Blurring the edges between techno and classical music is not a new idea; electronic production has always been shot through with the spirit of avant-garde minimalism. From early Aphex Twin being remixed by Philip Glass right through to the elegant stylings of Nils Frahm, Olafur Arnalds, and company on Erased Tapes, electronic producers have processed orchestral instruments, or composers and arrangers have tried to replicate the structures of electronic music with acoustic instruments. But rarely has the fusion been so natural as on the new album by north-Russian experimentalist Sergey Suokas.
The New Cycle is entirely constructed with orchestral instruments. At times, its little rhythmic twitches can feel as otherworldly and micro-processed as Matmos or something on Matthew Herbert’s Accidental label. At others, the broader flow of its structures, and the way chords will rise up from muffled hints to hyper-present domination, seem enormously familiar from dance floor techno. Yet, if you listen closely, there’s nothing in it easily identifiable as digital. Though Suokas has used the studio in the construction of the record, there’s no sound on the entire record that couldn’t, in theory, have been played live by musicians. This ability to sound so recognizably techno, yet simultaneously so very organic, is downright uncanny.
Suokas was born in 1986, and is of Finnish and Russian extraction. By the time he was 12, he was already listening to electronic music, and making sound experiments using guitars, microphones, and tape noise. The only instrument he ever learned formally was drums, and he retains a sense that his untrained style on all other instruments is valuable: “I still savor my freedom of incompetence. I want to make the unpredictable result for myself without any mental patterns and rules.”
Though his music is now so exquisitely nuanced, Suokas’s first musical loves included the crashing, industrial late ‘90s drum’n’bass sound known as techstep, and the rowdy and unsubtle party music of big beat. Specifically, his dance music epiphany was a mix by the Dust Brothers [now The Chemical Brothers] called Brit Hop and Amyl House. “I had no thoughts about the aesthetics of electronic music,” he explains, “like ‘Is the music clever or not?’—this filter was off.” Later, he got into much subtler sounds—deep electronica from Cologne and Norway—but he retained his love of the big beat and its immediacy. As he puts it: “When you got English dirt, you can play rude! I liked the more ‘exclusive’ music too, but I remained somewhere in between these areas.”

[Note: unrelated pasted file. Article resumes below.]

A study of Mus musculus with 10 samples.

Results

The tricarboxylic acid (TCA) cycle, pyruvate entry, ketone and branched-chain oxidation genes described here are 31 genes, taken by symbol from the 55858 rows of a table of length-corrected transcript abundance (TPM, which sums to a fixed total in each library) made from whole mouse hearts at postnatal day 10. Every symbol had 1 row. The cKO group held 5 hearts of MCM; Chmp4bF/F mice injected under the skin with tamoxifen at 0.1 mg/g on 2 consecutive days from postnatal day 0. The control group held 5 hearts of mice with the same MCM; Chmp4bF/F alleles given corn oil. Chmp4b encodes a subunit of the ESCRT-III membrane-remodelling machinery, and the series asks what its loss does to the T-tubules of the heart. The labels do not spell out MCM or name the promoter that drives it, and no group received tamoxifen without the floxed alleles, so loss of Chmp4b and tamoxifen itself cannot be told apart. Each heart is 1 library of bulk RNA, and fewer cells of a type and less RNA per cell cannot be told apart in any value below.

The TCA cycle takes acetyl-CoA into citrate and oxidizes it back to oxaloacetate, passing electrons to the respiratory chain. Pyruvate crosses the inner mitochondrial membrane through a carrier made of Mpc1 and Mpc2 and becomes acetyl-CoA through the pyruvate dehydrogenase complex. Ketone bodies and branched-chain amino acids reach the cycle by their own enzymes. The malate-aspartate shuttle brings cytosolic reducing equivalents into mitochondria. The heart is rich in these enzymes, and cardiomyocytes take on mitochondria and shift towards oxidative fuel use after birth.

Minimal techno in the 2000s provided a point where club impact and cerebral subtlety intersected, and Suokas easily connected with the Russian scene. “We played at Nervmusic parties in Moscow with Easy Changes. Gazgolder, Arma, Save and other raves made by Jennie Sobol made a big influence for sure.” This provided some vital context. “I don’t feel that my music has any national identities,” he says, “but it has a strong connection with the surrounding area and people. This is a constant exchange—you express what you get. If you accept the most intimate and affordable forms around you, they can help you to build a personal creative core. If you’re inspired or look for something that is too far, then less energy you get and your core can drop out from the actual place. It’s kind of reliable root support from the space you are in.”
Suokas has made some beautiful techno himself. The fine detail of its zips, boings and interjections from real instruments veers towards the work of producers like Ricardo Villalobos or Petre Inspirescu. In particular, the intense Chapter 3 of his Being EP, with its shimmer of orchestral strings periodically rising out of a hypnotic techno pattern over the course of no less than 20 minutes, hinted at ambitions to go beyond the standard structures of club tracks. But The New Cycle—on London label PRAH, which has, in just a few releases, already trampled over boundaries between club, concert hall and extreme avant-garde—goes several steps further into realizing a unique personal vision.
The closer you get to what that vision is, though, the further out Suokas’s discourse goes. “My music is a diversionary experiment that contains hidden potentials,” he says. “Distanced independence from genres without breaking fences. Not the alternative way, but things that can grow up through the emptiness. I listen for evolutionary moves of sound and steer clear of predictable vectors. The supersaturated world of music is meager, because reasons of inspiration are obvious. This game of styles and labels is the method to collect something similar. I want to play with it. It’s not necessary to fall into niche or cling to it. If you’re stuck on something, some style, you can’t express yourself totally.” The New Cycle is sometimes gentle, sometimes very strange—but there’s no question that in it, Suokas has realised his desire to steer between existing genre vectors, and there is definitely some unique self-expression at play here.